Canon John Duckett RIP

Canon John DuckettCanon John Duckett, one of the longest-serving priests in the Diocese, died last weekend in the nursing home at Bishop’s Stortford where he was being cared for.

Fr Stewart Foster, our Diocesan Archivist, writes:


Canon John Duckett was born in Preston, Lancashire, in 1928. His family boasted two of the English Martyrs (Blessed John Duckett, a priest, after whom he was named, and Blessed James Duckett, a bookseller). Indeed, with his death today a chain is broken in that there has been a Duckett among the English Catholic secular clergy for several centuries. Canon John Duckett had an older brother, Father George Duckett (1919-2000).

When he was a young child John Duckett’s family moved to Chelmsford, Essex – that was why John had a southern accent but his brother a Lancashire accent – and it was here in Chelmsford, at Our Lady Immaculate Primary School, that he began his education, moving later to St Joseph’s College, Ipswich.

In 1941 he was accepted as a junior student for the Diocese of Brentwood by Bishop Doubleday (2nd Bishop of Brentwood, 1920-1951). At his death Canon Duckett was the last Brentwood priest to have been accepted from the diocese by Bishop Doubleday. He was sent to Cotton College, Staffordshire, where he remained during the Second World War: the boys were, according to John, as part of the spartan wartime diet, fed broccoli from the college farm almost every day and so he never again ate it after leaving Cotton!  On one occasion he was severely reprimanded by the Headmaster for infringing the college rules (he was caught smoking) and back in Chelmsford Bishop Doubleday, while visiting the parish, hauled him over the coals, threatening to dismiss him from the seminary. Thankfully, this did not happen.

Immediately after the Second World War John Duckett was called up for National Service in the Royal Army Service Corps. After initial training he was posted to Germany and took part in the Berlin Airlift in 1948, part of the Western Allies’ attempt to supply the citizens of West Berlin after the Soviet authorities closed the overland route to the city across East Germany. He always said that life in the army taught him more than his subsequent studies in the seminary.

John Duckett studied for the priesthood at St Thomas’ Seminary, Grove Park, Warwick, and at St Mary’s College, Oscott. He was ordained to the priesthood by Bishop George Andrew Beck (3rd Bishop of Brentwood, 1951-1955) at Our Lady Immaculate, Chelmsford, on 31 July 1955. As an assistant priest he served at Our Lady & St Anne Line, Dunmow (1955-1956), SS Peter & Paul, Ilford (1956-1962) and St James the Less & St Helen, Colchester (1963-1965, where he was a fellow curate with the future Bishop Thomas McMahon).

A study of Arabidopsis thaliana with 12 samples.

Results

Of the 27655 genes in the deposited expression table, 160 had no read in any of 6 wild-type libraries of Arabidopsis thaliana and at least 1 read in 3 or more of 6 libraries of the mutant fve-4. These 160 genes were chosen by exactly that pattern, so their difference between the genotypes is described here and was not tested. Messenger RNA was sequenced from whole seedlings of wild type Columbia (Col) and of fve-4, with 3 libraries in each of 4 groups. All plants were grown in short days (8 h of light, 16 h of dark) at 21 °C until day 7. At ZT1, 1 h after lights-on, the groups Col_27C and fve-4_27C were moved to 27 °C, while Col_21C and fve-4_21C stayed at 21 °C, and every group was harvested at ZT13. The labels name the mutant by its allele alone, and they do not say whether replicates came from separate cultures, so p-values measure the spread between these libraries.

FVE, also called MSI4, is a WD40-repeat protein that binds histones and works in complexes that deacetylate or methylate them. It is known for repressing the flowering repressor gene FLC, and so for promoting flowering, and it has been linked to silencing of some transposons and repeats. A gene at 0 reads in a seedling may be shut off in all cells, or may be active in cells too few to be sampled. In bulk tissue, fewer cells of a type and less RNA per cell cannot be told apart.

As parish priest he served at St Cuthbert, Burnham-on-Crouch (1962-1963), St Thomas More, Debden (1965-1970), St Stephen/St Nicholas, Manor Park E12 (1970-1976), St Mary & St Ethelburga, Barking (1976-1985, where he built the present church), Our Lady Star of the Sea, Tilbury (1985-1987) and St Michael, East Ham E6 (1987-2001). Thereafter he went to Our Lady & St George, Walthamstow E17 (2001-2002) and St Antony of Padua, Forest Gate E7 (2002-2012), in both places serving in a semi-retired capacity but very much ‘on the front line’. At Forest Gate he took charge of the baptism preparations and was responsible for convalidating many marriages.

In full retirement he acted as chaplain to the Little Company of Mary, Westcliff-on-Sea (2012-2017), before moving to Nazareth House, Southend-on-Sea (2017-2020). When Nazareth House closed in February 2020 he took up residence in a nursing home in Hertfordshire to be nearer to his family in North Essex. In 2017 he was appointed as an Honorary Canon of the Diocese of Brentwood in recognition of his outstanding priestly ministry, which had included membership of the Diocesan Finance Board and as a Consultor to the Bishop. However, John Duckett was above all a pastoral priest, a prodigious visitor of his parishioners, punctual in everything he did, uncomplicated in his spirituality, a very good preacher, down-to-earth in his manner and immensely kind (I write from personal knowledge, having lived with him for eight years).

He was also, for his sins and with long-suffering humour, an avid supporter of West Ham United and with his great friends, Frs John King and Denis Hall, made the regular pilgrimage to Upton Park for home matches. His death marks a milestone in the history of the Diocese of Brentwood. Please pray for his family, his priest-friends, and the very many former parishioners who will mourn his death. Ecce Sacerdos Magnus… Requiescat in Pace.